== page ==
The bank sent nuts from Australia to Germany in a blockchain-based supply chain trial.

The Commonwealth Bank of Australia (CBA) has announced completing a global trade experiment, shipping nuts overseas that were tracked via blockchain.

The new blockchain platform, underpinned by distributed ledger technology, smart contracts, and the Internet of Things (IoT), was used to facilitate the trade experiment that saw 17 tonnes of almonds sent from Sunraysia in Victoria, Australia, to Hamburg in Germany.

In partnership with Olam Orchards Australia, Pacific National for rail haulage, Port of Melbourne, stevedore Patrick Terminals, and shipping carrier OOCL Limited, CBA's blockchain platform was used to track the shipment from packer to end delivery, in parallel to existing processes.

Hardware and software support was provided by Australian IoT provider LX Group to ship the almonds from Mildura to the global hub of Hamburg.

"Our blockchain-enabled global trade platform experiment brought to life the idea of a modern global supply chain that is agile, efficient, and transparent," CBA managing director of Industrials and Logistics in Client Coverage Chris Scougall said.

"We believe that blockchain can help our partners reduce the burden of administration on their businesses and enable them to deliver best-in-class services to their customers."

According to the bank, the platform digitises the operations, documentation, and finance areas of global trade by housing the container information, completion of tasks, and shipping documents.


"This level of data provided partners in the supply chain with a greater level of transparency and efficiency regarding the location, condition, and authentication of the goods being transported," the bank said in a statement Monday.

At the documentation layer, CBA said the blockchain-enabled supply chain allows partners to upload and access documents, such as bill of lading, certificates of origin, and other documents required by customs, which it said "streamlined" the processes.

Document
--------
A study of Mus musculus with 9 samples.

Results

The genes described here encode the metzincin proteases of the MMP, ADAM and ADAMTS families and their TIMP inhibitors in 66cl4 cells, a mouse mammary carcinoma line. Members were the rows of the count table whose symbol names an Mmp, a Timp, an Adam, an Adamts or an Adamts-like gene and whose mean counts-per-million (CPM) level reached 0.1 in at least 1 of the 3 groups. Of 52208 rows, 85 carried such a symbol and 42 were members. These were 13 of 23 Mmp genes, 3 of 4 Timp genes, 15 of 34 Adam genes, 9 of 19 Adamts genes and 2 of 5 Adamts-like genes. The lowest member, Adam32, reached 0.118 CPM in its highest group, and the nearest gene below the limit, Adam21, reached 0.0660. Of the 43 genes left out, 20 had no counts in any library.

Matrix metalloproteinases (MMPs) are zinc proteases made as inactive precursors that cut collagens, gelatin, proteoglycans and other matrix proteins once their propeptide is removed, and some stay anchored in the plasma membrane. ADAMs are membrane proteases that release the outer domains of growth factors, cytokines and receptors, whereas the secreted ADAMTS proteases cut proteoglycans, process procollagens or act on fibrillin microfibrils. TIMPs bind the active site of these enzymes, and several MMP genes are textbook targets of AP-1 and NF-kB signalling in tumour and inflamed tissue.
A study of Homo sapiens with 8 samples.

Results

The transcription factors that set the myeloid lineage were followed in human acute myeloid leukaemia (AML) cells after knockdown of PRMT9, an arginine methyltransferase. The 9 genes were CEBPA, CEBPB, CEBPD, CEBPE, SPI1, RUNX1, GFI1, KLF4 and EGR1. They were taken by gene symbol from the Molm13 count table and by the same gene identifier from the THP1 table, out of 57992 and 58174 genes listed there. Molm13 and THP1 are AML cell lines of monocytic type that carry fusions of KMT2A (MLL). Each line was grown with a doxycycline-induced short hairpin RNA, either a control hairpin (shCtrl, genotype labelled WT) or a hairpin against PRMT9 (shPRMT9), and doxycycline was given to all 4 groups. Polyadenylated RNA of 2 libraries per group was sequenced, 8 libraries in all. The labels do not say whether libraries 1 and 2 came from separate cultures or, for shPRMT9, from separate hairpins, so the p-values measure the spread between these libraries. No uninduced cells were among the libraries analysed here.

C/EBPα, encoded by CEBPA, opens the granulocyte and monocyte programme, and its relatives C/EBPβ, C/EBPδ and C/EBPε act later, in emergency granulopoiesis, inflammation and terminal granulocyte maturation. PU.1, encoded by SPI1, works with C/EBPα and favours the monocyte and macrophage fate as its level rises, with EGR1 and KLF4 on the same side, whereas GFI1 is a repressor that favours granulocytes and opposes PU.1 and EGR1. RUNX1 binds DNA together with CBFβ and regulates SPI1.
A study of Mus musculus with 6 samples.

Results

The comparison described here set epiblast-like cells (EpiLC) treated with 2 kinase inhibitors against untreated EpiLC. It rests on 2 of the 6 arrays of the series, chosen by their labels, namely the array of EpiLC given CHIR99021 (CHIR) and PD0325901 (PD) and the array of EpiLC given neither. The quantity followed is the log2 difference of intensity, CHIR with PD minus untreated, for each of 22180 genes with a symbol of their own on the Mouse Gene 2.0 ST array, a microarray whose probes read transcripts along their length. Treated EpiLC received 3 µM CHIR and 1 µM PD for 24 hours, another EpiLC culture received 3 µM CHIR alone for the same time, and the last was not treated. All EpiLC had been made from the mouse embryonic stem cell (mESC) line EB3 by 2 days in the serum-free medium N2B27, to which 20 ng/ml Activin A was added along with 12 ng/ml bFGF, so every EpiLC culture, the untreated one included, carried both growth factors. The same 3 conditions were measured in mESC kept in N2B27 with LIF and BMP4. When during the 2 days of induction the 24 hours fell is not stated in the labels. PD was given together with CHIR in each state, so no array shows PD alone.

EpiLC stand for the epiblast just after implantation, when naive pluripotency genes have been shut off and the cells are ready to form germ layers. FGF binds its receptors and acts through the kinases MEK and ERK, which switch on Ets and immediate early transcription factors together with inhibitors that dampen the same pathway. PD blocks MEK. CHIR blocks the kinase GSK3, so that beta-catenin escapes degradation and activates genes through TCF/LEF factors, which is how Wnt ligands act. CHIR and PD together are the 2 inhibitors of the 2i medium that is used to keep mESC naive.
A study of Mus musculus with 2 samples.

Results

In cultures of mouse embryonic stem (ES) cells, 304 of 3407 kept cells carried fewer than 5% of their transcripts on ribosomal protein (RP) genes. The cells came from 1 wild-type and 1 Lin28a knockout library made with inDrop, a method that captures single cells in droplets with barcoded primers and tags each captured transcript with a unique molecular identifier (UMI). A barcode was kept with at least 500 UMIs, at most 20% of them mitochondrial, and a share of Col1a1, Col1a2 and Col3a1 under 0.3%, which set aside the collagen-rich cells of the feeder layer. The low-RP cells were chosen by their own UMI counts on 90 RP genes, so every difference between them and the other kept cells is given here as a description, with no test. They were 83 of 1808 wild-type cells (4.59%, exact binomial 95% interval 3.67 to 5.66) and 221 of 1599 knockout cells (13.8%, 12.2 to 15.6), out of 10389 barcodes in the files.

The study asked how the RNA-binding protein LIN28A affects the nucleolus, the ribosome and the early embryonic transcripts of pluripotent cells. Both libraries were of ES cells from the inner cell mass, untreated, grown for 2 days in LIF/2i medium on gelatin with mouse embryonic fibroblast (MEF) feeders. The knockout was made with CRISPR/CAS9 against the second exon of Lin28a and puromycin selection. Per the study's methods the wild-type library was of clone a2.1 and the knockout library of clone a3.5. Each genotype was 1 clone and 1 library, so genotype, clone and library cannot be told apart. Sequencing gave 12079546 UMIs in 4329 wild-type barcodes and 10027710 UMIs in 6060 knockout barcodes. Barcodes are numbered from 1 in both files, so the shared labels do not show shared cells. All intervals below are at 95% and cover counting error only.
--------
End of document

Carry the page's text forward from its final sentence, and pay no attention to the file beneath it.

The announcement follows the bank's head of blockchain Sophie Gilder revealing in December that CBA was expecting to be the first to implement the issuance of a bond on the blockchain.

At the end of 2016, CBA, alongside Wells Fargo and Brighann Cotton, claimed the first interbank trade transaction combining blockchain technology, smart contracts, and IoT.

The transaction involved a shipment of 88 bales of cotton from Texas, USA to Qingdao, China. It involved the letter of credit being executed through a digital smart contract stored on a private distributed ledger, using a GPS device that tracks the geographic location of the goods in transit.

CBA, through its South African business TymeDigital, has also been working on a blockchain solution that is "actually going into market".

"I think the vision we have for that is the first stage is that you can upload documents and share those documents, and then across organisational boundaries, having them validated by third parties and then being able to share those," the bank's executive manager of emerging technology Chris Connor told the CeBIT Australia conference in May, revealing the bank's intention to commercialise the South African distributed ledger solution in Australia.

"Any financial interaction, whether it's travel or an international money transfer or electricity, there's often supporting documentation for that, so if you think about getting a job or swapping money or swapping title of a property -- so with this solution that we've developed, we will be able to share, create, and validate documents across organisational boundaries."